Link Between Brain Cell Development and Schizophrenia Uncovered

Dr Rob Hicks

January 17, 2022

Scientists from Cardiff University have furthered current knowledge regarding how schizophrenia and other mental health disorders arise, through their discovery of new links with brain cell development.

Brain development is a "complex choreography" of cell proliferation, specification, growth, migration and network formation, say the authors of a new study published in Nature Communications . Their research demonstrates for the first time how genetic disruption of specific cell processes vital to brain development is linked to the risk of disease in a broad range of mental health disorders.

The authors explained that coordinated programs of gene expression are known to drive brain development, but that previously it has been unclear which transcriptional programs, in which cell-types, are affected in neuropsychiatric disorders such as schizophrenia.

Dr Andrew Pocklington from the division of psychological medicine and clinical neurosciences at Cardiff University said: "Genetic factors play a significant role in determining a person’s risk of developing psychiatric disorders. Uncovering biological processes impacted by these genetic risk factors is a major step towards understanding the causes of disease."

Cell Development Changes Linked to Disease

Co-author Dr Eunju Jenny Shin from the Neuroscience and Mental Health Research Institute at Cardiff University, who is now at Keele University, explained: "To truly understand the root causes of psychiatric disorders, we focused on studying the development of brain cells."

Using in vitro human pluripotent stem cells, they identified several sets of genes that are switched on during neurogenesis, with each set playing a distinct functional role. Within these sets, the researchers demonstrated that genetic risk factors contributing to schizophrenia and other mental health disorders were highly concentrated.

Dr Shin said: "In vitro experiments showed that when activation of these sets is disrupted, the shape, movement and electrical activity of developing brain cells is altered, linking changes in these properties to disease."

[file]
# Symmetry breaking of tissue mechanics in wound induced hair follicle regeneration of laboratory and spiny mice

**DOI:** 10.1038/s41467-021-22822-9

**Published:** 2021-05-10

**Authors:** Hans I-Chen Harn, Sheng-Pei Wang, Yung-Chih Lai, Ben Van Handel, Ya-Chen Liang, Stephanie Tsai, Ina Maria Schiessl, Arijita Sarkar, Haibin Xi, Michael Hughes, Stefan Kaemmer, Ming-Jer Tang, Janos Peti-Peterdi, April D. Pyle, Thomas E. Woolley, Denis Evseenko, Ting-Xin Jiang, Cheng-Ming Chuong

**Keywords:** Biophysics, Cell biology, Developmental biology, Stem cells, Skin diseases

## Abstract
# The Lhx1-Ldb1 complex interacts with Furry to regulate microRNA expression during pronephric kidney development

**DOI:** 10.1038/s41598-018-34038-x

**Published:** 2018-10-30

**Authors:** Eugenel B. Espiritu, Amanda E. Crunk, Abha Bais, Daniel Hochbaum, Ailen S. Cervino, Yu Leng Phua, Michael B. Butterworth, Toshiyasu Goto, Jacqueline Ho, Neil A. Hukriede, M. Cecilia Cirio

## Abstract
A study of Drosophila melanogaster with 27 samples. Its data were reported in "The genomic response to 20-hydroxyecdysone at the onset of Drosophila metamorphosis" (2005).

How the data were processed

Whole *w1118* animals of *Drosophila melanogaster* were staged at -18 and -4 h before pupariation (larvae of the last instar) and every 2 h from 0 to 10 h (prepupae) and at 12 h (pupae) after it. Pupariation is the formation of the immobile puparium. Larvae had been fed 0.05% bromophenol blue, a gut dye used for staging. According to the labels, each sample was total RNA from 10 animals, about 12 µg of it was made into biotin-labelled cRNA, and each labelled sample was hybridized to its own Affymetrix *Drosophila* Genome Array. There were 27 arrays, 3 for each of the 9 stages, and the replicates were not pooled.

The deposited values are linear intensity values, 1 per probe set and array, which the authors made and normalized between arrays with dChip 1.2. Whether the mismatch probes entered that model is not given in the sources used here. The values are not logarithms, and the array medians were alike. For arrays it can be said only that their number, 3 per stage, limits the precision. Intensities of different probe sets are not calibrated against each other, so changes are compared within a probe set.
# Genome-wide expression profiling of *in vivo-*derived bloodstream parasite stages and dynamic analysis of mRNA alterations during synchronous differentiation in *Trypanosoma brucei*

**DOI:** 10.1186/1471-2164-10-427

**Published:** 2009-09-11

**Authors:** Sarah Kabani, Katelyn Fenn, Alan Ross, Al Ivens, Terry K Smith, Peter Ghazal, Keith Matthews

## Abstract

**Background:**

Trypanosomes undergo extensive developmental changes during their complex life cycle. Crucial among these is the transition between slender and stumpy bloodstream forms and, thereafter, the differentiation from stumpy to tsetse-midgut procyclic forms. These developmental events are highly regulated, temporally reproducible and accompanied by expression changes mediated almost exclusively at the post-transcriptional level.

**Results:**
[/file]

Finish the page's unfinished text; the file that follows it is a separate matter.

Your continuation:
The authors commented that surprisingly it wasn’t only early-onset conditions, such as ADHD, autism, and developmental delay, that were linked to disruption of these genes, but also later-onset conditions, where early brain development is not generally thought to play a role, such as depression and bipolar disorder.

Potential for Future Novel Therapies

Their research raises the question as to whether some of these genes, which are first switched on long before birth, remain active later in life and thereby contribute to mature brain function. If so, then this raises the possibly that they could be targeted therapeutically.

"The knowledge gained through this approach may ultimately help guide the development of novel therapies, or help explain why some individuals respond to some treatments but not others," said Dr Shin.

"Previous studies have shown how genes active in mature brain cells are enriched for common genetic variants contributing to schizophrenia. Although early developmental gene sets seem to contain a greater burden of common genetic risk factors," Dr Pocklington said. "This suggests that some biological pathways first switched on in the early pre-natal brain may remain active in later life, with genetic variation in these pathways contributing to disease by disrupting both development and mature brain function."

Dr Shin concluded by saying: "Although much remains to be uncovered, our findings provide valuable insight into the developmental origins of psychiatric disorders such as schizophrenia."